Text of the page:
Detroit's Pink Zones, China's Special Economic Zones, and the upper and lower bounds on critical mass.

Detroit is following in China's footsteps. From the WSJ:

Developers and designers complain that, like many cities, Detroit’s onerous and outdated rules make it too difficult to rebuild or repurpose long-neglected retail areas. To try to reduce those obstacles without a time-consuming and expensive rezoning process, the city is proposing a handful of “pink zones,” where red tape will be cut to help small developers and entrepreneurs open new businesses and revive aging commercial strips. The goal is not to eliminate zoning but to ease some of the constraints faced by new projects, like minimum-parking requirements or environmental-impact reports.

This model of development, reducing red tape but only in certain geographic areas, reminds me of China's special economic zones. From ThoughtCo:

Since 1979, China’s Special Economic Zones (SEZ) have been beckoning foreign investors to do business in China. Created after Deng Xiaoping’s economic reforms were implemented in China in 1979,  Special Economic Zones are areas where market-driven capitalist policies are implemented to entice foreign businesses to invest in China.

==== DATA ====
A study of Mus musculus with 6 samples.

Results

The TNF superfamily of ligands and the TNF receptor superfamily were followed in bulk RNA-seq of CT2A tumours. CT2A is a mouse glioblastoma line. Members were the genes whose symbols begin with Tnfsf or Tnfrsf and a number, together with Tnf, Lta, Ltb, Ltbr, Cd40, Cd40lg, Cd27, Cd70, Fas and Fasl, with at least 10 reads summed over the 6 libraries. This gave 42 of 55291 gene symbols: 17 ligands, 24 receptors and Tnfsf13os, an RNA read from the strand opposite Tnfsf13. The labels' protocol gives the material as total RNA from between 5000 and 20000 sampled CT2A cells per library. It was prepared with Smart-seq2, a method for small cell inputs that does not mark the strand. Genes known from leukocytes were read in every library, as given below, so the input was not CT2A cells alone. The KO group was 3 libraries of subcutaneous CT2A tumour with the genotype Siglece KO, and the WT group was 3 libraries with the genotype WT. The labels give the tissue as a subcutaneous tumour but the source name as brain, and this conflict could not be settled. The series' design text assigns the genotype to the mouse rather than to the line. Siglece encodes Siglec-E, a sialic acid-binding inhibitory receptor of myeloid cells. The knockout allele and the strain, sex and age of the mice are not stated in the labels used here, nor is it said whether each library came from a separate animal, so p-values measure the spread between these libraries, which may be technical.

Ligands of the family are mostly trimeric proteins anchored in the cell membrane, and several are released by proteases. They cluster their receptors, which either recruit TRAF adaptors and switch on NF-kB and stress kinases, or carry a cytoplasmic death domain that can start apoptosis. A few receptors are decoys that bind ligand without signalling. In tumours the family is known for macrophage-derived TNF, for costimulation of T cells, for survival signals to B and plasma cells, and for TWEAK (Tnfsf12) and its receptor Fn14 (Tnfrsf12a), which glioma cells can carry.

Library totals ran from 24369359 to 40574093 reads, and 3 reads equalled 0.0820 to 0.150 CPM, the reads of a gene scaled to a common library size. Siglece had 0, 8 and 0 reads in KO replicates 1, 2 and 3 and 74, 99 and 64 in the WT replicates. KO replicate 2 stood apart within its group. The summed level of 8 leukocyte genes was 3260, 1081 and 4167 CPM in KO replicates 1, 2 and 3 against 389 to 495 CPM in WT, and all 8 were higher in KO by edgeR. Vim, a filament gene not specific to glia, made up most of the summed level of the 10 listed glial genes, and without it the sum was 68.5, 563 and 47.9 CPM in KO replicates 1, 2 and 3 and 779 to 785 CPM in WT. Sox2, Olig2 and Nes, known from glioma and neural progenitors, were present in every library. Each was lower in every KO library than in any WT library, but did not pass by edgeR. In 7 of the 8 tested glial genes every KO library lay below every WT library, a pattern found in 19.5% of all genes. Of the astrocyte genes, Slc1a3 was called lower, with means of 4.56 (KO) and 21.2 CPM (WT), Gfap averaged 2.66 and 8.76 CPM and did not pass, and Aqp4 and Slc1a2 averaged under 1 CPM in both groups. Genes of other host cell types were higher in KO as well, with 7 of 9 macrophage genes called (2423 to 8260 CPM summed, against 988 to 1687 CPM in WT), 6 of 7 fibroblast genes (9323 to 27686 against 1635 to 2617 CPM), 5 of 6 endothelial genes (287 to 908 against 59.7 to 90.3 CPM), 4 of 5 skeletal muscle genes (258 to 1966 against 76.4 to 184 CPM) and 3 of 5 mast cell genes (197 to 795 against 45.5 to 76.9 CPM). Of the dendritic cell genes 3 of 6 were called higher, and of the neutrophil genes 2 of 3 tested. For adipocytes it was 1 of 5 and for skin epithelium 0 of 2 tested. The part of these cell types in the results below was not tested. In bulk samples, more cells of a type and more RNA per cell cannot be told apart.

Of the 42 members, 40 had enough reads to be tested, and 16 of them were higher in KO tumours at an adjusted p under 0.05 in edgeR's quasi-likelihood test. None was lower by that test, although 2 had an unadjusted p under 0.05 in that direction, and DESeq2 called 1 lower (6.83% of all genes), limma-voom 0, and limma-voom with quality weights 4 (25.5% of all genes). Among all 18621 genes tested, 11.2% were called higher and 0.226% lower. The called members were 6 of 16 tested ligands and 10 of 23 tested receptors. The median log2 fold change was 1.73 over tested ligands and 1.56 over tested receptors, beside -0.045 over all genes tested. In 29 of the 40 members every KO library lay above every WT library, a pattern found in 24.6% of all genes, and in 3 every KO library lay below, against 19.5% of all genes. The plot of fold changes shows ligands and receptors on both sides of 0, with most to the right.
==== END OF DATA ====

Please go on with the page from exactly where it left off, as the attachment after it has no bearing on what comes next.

These zones were successful not only because they changed the rules, but also because they provide a strong focusing power. If you were someone who wanted to do business in China in the 1980s, your choice was clear, go to one of the special economic zones. This concentrated all of the economic activity rather than spreading it out across all of China, and concentration is the key to what makes geographically-dependent things (like cities) valuable.

What's also interesting about these policies is that they are examples of experiments that do better when kept smaller rather than larger. This is partly because a critical mass of concentration is necessary for the changes to be effective. Choosing 8 cities rather than 4 would have spread out the influx of investment, and probably would not have been as effective. Similarly, reducing red tape across all of Detroit seems unlikely to spur much development in a city that is already avoided by many developers.

This means that for an experiment like this, there is a tradeoff between keeping it small enough to achieve critical mass, and large enough to achieve critical mass. The conventional wisdom only recognizes the minimum threshold of critical mass, not the maximum threshold.